Wednesday, June 17th
Today we did my favorite exercise to date. I’ve added it to my tool arsenal for future works. It’s a character quick fact sheet, consisting of the victim, villain, primary suspect, and hero. You can use this tool for more than mysteries.
We talked about clichés, and the differences in who-dun-it versus how-dun-it. I’d never realized there was a how-dun-it; it’s one of those things you don’t consider until someone points out the obvious to you. I think that’s what CSI (both the show and the books) falls under.
I’ve learned a lot about what’s good and not good for an author to do watching the afternoon talks. I assumed somewhere in my illogical brain that talking about writing is next to writing for writers, and that this would transfer into many fascinating afternoon talks. I’d forgotten that as much as we all love writing, it doesn’t mean we’re all speakers. Another lesson learned.
I went home and looked around for the police citizen’s academy; they’ve got one for St. Louis County. Success!
Thursday, June 18th
Today’s talk in class focused on plotting. Lots of points hit home with me, and I had a ton of highlight marks scattered throughout my notebook. One of the things I wanted to take out of this class, besides a bit of inspiration to get me back in the grind, is to get me back to remembering the basics of writing. I’ve worked hard the past two years pumping my fiction skills up - part mechanic and part business – and sometimes you get lost in the whirl of it all. This has helped remind me of what’s important, and where to cut the crap.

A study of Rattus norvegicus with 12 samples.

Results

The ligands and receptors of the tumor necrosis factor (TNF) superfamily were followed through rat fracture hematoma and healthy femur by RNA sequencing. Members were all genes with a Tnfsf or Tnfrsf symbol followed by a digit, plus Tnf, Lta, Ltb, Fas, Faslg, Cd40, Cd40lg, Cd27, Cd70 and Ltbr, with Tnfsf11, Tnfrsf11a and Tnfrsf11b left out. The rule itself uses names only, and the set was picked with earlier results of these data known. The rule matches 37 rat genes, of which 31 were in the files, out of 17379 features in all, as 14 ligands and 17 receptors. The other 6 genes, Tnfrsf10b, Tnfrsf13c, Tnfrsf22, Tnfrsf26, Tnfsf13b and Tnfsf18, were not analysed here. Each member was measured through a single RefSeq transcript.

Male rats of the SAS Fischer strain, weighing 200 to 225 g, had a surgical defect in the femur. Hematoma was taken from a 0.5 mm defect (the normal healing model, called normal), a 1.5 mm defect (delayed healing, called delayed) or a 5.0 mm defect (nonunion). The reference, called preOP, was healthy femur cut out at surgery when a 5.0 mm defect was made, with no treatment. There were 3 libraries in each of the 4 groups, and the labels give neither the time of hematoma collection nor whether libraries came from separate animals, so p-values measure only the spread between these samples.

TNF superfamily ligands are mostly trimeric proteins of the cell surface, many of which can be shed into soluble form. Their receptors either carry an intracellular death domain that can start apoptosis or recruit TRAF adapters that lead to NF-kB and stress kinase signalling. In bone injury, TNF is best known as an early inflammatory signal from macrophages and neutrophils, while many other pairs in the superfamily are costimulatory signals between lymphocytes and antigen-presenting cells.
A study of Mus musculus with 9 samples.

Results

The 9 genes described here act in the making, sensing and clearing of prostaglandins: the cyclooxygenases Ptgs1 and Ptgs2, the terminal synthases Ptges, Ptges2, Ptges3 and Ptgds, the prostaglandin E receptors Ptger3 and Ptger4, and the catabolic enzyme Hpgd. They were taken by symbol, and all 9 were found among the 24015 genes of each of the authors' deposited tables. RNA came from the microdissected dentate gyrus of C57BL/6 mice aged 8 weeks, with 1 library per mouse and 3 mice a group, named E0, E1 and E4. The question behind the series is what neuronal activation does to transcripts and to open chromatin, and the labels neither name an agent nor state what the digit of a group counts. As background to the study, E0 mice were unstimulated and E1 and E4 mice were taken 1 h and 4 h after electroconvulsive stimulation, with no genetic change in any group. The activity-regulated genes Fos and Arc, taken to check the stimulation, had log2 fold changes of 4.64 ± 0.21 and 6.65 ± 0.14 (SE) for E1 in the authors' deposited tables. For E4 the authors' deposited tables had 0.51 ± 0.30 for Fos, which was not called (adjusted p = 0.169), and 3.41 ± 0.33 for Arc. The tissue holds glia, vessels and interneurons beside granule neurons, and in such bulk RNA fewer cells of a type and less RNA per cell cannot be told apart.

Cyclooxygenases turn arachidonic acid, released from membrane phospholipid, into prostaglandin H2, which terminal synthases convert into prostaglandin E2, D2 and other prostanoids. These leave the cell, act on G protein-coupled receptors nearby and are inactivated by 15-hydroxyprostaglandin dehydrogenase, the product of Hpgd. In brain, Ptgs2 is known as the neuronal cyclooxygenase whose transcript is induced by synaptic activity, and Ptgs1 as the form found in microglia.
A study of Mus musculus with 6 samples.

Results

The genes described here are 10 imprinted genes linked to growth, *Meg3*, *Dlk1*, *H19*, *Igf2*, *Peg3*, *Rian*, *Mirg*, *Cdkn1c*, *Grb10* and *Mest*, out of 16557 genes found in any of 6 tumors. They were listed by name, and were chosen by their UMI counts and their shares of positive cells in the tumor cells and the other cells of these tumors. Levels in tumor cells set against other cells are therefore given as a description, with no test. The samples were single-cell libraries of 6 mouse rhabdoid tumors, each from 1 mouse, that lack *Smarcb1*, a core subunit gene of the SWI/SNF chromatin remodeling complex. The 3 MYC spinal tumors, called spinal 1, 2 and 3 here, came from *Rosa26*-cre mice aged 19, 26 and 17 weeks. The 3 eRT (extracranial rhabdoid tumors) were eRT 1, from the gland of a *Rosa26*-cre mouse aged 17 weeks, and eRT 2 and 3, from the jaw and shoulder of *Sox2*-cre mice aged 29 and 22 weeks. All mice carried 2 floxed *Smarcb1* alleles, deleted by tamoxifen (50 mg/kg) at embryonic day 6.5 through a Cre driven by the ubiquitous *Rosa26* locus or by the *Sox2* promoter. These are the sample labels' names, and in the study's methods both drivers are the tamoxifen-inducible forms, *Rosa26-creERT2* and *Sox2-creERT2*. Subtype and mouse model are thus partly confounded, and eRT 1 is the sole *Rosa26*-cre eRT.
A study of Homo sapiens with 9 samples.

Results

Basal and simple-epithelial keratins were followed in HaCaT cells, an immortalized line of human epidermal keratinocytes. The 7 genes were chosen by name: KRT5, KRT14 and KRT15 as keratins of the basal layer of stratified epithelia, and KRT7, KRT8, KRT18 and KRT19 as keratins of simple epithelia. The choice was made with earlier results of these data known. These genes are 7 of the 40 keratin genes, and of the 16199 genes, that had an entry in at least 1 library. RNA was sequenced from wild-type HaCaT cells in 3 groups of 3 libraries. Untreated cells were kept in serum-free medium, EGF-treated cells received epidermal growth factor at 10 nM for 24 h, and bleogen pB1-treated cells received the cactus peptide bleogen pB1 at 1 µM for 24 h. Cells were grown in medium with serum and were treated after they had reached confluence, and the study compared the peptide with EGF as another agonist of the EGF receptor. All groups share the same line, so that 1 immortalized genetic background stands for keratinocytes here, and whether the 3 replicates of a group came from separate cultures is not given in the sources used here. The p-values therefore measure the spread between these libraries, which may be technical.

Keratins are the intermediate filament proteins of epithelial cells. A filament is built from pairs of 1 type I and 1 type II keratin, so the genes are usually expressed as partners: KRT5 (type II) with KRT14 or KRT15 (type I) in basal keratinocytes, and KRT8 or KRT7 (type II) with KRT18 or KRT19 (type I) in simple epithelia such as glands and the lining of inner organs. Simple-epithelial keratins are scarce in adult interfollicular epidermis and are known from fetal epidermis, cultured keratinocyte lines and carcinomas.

Some of my favorite points that stuck out today:
- A synopsis is key to determining whether a plot is a plot, or an idea that will fizzle throughout.
- No matter how many books you write, we all start at the same place.
- “What if” are the two most important words in writer’s arsenal.
- When you add a sub-plot, it must be resolved well ahead of the main plot, or else the main plot loses its drama.
- In endings, your protagonist must choose between two alternative courses of action that force them to make a decision.
- Hope/fear = suspense
One thing that we talked about today reminded me of something funny shared with me by other fantasy writers. We talked about the importance of pacing and how characters need a chance to breathe as well as the readers.
In fantasy writing, there’s a tendency to stretch the impossible, and I don’t mean by magical means. There’s a Fantasy Novelist’s Exam you can use to check and make sure you’re not guilty of stupid tropes within the fantasy genre. My favorite, #56, is: “Does anybody in your novel fight for two hours straight in full plate armor, then ride a horse for four hours, then delicately make love to a willing barmaid all in the same day?”